3 Things You Absolutely Must Know Before Traveling with Friends


With one quick disclaimer.

When you’re first surfing the internet with your friends, scrolling through tropical image after tropical image of white sand and blue skies, you’re going to start visualizing you and your friends lounging under palm trees with umbrella’d drinks in your hand. In those daydreams, you and your friend will be tan, decked out in shades, and throwing your heads back laughing as the sun warms your freckled faces.

Fair warning, when this visual starts to creep in, enjoy it…but know that this picture is a sign your expectations are forming.

What you imagine as the perfect vacation day–sleeping on the beach, wind in your hair, a stack of novels holding down the edge of your beach towel–might be the exact opposite of what your friend is visualizing right now. They might be picturing themselves loaded down with shopping bags on the board walk, taking dance lessons at an open-air restaurant, or flying over the beach parasailing. They may be right now this minute drawing tiny x-es on the map to make sure you make the “world’s tiniest alligator” exhibit and 16 other equally awe-inspiring tourist attractions they’ve just Googled.

And here’s the kicker. As you plunk down credit cards for the flights, even with your different visuals of what’s about to unfold, neither of you are probably visualizing the low moments to come. You’re not visualizing the allergies, the rain, the humidity, the sunburn, the traffic, the long lines, the snoring, the road/air sickness, and so on. And that’s normal. These negative experiences aren’t the part we look forward to, so we’d rather do that blind hope thing where we just will the trip to go off without a hitch. But, in reality, we all know our little daydream visuals would be more accurate if they featured the two of you sitting on the beach, one with an uncomfortably pink nose and shoulders, the other nursing a jelly fish sting, sand sticking to the side of your cup while wind knocks down your flimsy beach umbrella.

Now we’re getting somewhere.

With that snapshot in mind, we’re ready to talk tips on traveling with friends.

1. Find out what every traveler wants out of the trip.

As mentioned earlier, just because you all want to travel to the same destination does not mean you’re all searching for the same experiences. Some people may want to go to catch rays on the beach all day, whereas others might be looking hike the local mountains, explore ruins, or meet new people. If you’re traveling with friends because you’re hoping to share your vacay experiences, then you need to check to see if your travel partners are willing to do these activities with you. After you discuss your expectations, you may decide ahead of time to do some, but not all of the same activities. Talking about this beforehand will avoid anyone feeling abandoned during their favorite activity when the time comes.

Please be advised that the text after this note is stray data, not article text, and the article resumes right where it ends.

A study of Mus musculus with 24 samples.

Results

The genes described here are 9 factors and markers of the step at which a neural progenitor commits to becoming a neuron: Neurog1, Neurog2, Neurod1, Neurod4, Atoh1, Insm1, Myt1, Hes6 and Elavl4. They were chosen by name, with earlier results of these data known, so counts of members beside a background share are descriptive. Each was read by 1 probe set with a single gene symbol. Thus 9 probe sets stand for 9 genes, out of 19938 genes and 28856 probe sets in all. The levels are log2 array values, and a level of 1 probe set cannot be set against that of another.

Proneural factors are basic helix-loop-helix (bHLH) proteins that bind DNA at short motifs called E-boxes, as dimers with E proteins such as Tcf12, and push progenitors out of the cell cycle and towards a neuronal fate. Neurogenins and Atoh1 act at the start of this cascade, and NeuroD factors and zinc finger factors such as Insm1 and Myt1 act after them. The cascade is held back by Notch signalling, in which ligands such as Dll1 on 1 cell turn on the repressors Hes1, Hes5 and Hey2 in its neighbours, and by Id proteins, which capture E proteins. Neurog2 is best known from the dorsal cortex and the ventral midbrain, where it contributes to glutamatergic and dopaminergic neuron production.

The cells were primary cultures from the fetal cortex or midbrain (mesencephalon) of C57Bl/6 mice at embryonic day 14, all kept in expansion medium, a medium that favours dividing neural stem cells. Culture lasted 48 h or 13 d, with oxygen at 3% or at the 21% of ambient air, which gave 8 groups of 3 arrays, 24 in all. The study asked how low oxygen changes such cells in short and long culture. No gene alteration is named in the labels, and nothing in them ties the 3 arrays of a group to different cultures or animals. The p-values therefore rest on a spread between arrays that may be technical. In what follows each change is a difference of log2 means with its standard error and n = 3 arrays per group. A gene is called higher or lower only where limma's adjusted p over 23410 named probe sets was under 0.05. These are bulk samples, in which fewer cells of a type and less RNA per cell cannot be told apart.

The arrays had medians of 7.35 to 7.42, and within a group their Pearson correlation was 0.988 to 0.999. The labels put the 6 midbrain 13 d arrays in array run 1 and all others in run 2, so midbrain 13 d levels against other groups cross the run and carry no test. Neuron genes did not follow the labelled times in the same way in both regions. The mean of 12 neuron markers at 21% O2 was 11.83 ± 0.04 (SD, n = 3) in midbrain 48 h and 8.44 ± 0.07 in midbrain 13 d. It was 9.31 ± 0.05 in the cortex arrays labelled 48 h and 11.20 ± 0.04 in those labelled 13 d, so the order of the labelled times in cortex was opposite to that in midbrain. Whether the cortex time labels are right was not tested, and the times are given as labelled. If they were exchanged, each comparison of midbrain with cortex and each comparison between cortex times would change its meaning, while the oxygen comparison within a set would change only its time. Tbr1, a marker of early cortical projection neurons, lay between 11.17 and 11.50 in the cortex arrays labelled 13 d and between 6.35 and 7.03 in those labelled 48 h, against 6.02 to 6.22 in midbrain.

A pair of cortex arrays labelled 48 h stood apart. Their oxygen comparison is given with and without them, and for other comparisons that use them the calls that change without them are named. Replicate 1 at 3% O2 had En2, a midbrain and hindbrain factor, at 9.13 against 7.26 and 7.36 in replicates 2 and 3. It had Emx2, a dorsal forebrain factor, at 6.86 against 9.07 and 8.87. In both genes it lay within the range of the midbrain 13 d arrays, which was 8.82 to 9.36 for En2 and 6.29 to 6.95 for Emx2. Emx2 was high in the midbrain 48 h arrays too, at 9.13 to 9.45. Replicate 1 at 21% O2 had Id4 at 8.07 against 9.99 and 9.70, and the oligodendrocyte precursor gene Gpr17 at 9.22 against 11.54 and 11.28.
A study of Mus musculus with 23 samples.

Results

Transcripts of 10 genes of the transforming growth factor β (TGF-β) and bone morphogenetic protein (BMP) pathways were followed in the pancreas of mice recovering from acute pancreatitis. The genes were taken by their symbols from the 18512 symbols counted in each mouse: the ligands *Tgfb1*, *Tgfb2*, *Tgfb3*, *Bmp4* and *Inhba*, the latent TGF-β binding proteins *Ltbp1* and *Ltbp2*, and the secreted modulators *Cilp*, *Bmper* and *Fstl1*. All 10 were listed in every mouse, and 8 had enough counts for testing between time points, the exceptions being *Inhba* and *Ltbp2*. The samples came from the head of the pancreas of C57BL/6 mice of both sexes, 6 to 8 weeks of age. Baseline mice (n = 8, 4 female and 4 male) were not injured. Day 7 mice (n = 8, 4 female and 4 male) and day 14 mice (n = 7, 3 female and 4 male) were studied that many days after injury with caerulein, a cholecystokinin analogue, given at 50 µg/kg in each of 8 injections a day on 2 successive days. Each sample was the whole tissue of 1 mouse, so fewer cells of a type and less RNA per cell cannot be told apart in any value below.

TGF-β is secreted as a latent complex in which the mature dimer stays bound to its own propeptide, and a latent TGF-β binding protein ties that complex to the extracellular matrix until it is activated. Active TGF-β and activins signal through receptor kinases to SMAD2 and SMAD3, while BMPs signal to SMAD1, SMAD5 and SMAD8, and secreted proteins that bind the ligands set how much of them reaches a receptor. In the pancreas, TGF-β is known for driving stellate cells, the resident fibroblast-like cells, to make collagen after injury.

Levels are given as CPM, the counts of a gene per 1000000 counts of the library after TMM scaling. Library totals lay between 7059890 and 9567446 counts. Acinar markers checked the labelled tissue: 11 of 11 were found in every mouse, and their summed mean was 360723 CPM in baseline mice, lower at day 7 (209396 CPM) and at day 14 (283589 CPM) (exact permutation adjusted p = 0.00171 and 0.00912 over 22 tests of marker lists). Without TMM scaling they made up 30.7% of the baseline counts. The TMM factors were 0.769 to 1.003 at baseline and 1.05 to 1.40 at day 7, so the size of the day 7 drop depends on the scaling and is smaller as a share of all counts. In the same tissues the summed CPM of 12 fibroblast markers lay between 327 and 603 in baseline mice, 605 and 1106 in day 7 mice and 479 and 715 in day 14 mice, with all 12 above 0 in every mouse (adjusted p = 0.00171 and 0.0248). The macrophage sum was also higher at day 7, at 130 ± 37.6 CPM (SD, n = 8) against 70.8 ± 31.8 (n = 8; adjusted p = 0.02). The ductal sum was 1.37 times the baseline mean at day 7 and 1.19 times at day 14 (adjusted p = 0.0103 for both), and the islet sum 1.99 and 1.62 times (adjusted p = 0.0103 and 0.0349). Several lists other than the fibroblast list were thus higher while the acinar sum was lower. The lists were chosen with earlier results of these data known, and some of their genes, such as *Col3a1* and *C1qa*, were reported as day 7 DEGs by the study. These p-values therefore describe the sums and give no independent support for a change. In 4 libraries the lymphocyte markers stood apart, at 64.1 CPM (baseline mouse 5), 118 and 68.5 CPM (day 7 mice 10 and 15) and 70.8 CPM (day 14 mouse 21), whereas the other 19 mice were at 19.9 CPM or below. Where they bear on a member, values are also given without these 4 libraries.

2. Every traveler will need personal time.

Sometimes friends get upset if members of their group wander off to do things on their own. They feel ditched. But tolerance is key here. If you’re away for a long period of time, spending hours upon hours and days upon days without each other, some (if not all) of you are going to start to feel over-stimulated. And different people crave different amounts of down time. So most likely, when a friend strolls away to do something solo, they’re not trying to offend you. They just need a bit of ‘me’ time. Be prepared for this to happen, and when it does, just let them know where you’ll be in the evening and how they can re-join the group when they feel like it. Many times, it’s actually a healthy thing to sleep in one day or spend a day in the quiet or shade because it keeps you rested and balanced.  It’s a good idea to be gracious if a friend escapes too, because you may need some time to yourself at some point too.

3. Flexibility is key.

When there’s a group of you, it’s unreasonable to expect every decision to align with your own personal preferences. Instead, note ahead of time that traveling with others usually means you’ll end up doing a few things that aren’t at the top of your list. And your friends will probably stick it out through a few things you enjoy that aren’t their favorite activities either.

So let’s say one friend is not a crowd person. You may have to forego that trip to an enormous water park that’s overrun with spring breakers. Put your own expectations and likes out on the table and ask that person to do the same. Ask directly, would you want to go to a waterpark? She may say, oh sure, I’d be fine with catching up with my reading on the sidelines. Or she may opt to skip in and go shopping on a nearby strip. Or she may suggest some other activity the group can compromise on. The important thing is to communicate openly and in advance so you can be prepared to make the trip a win for everyone.

Traveling with friends is a great way to see the world without having to brave it on your own. It just means that you have to consider others but with a bit of tolerance and flexibility, you’ll be able to avoid any hiccups and focus on taking embarrassing selfies your friends will blackmail you with the rest of your life.


    This is soooo good. I’m going on a trip to the west coast with 3 of my girlfriends next month and we haven’t even come close to discussing this. Once I started reading, I could see us falling into every situation described here.

    I am now emailing them this post and declaring that by the way I am not surfing or paragliding etc when we go to the ocean. Like ever. Sharks. Jaws? Hello…

  2. Henderson

    Once when I was younger, my buddies and I went to Kentucky to the races for a weekend. Even though there wasn’t all out war, there were four or five tense moments that at least one person in the group didn’t ever recover from. This article didn’t surprise me at all.